We heard from mental health and addiction workers who love their jobs and are committed to helping people recover, even to the point of jeopardising their own health and wellbeing. They talked about overwork and burnout and the increasing risk of assaults.
We also heard of the need to attract more people to work in mental health and addiction services – and to retain current staff.
Workers described a lack of career planning, limited training and limited professional development. We heard about a short-term focus on immediate staffing needs, the lack of a clear ‘pipeline’ of new skilled staff and inadequate facilities.
We were told that a markedly different workforce is needed, with more peer-support workers, community-based workers, and Māori and Pacific support services.
Numerous submissions praised services led by people with lived experience of mental distress, psychiatric illness or addiction. We heard that peer-support workers give people a sense of hope that inspires and sustains the healing process and provides a counterbalance to the medical focus of clinical services.
However, peer-support workers described being undervalued, poorly paid and provided with limited training and career options. We heard that, despite some good examples, mainstream services have not fully embraced the concept of incorporating peer-support workers into all aspects of service provision, including design and planning. People wanted peer support to be acknowledged as a basic component of services and to receive better funding.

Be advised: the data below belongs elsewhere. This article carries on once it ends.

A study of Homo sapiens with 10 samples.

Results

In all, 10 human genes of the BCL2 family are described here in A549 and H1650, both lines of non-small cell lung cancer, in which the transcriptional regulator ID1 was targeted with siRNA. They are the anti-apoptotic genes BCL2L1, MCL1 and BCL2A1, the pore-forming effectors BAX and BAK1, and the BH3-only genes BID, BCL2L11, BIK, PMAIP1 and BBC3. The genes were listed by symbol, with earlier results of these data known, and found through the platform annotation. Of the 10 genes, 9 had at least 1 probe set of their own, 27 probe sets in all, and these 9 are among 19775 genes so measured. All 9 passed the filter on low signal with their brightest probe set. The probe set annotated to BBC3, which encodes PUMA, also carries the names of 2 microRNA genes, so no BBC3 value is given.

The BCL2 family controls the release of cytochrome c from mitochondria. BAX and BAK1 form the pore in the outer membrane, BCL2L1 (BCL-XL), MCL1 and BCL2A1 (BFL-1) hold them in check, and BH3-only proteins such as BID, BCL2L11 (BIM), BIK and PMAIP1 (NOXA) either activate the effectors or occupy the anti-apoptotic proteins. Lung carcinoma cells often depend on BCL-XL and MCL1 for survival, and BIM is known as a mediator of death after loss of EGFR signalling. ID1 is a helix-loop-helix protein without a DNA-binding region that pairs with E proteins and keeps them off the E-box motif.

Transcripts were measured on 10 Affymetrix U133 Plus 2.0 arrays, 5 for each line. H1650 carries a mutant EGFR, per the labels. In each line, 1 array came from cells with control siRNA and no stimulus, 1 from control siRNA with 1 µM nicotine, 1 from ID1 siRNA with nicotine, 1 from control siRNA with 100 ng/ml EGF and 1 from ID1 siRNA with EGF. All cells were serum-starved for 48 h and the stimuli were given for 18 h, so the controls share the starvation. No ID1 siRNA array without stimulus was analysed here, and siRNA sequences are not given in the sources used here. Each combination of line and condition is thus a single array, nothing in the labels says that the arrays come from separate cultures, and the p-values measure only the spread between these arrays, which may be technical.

People were concerned at the lack of cultural competence among workers. They said mainstream health services (especially hospital services) can be alienating and culturally unsafe environments for Māori, Pacific peoples, ethnic minorities, Rainbow communities and the Deaf community. We heard calls for more staff who work entirely within a Kaupapa Māori or Pacific framework.
Having a staff member from one’s own culture was described as crucial to feeling safe and building the trust needed to recover from distress and anxiety. Māori and Pacific staff spoke of regularly working double shifts so Māori and Pacific tāngata whaiora had someone from their culture available to provide help and assurance. The Deaf community submitted strongly about Deaf culture and the need for services to meet their needs.
Some submissions noted that other workers in other sectors need to become competent in recognising and responding to mental distress and addiction in their workplace. Examples cited included teachers, prison staff, police and social workers. We heard that these staff and managers also need practical understanding of issues such as trauma and depression.
Several submitters, including some GPs, said that medical and general practice training in mental health is limited to a theoretical understanding of conventional diagnoses and psychopharmacology. They called for improvements in mainstream primary health care and medical education.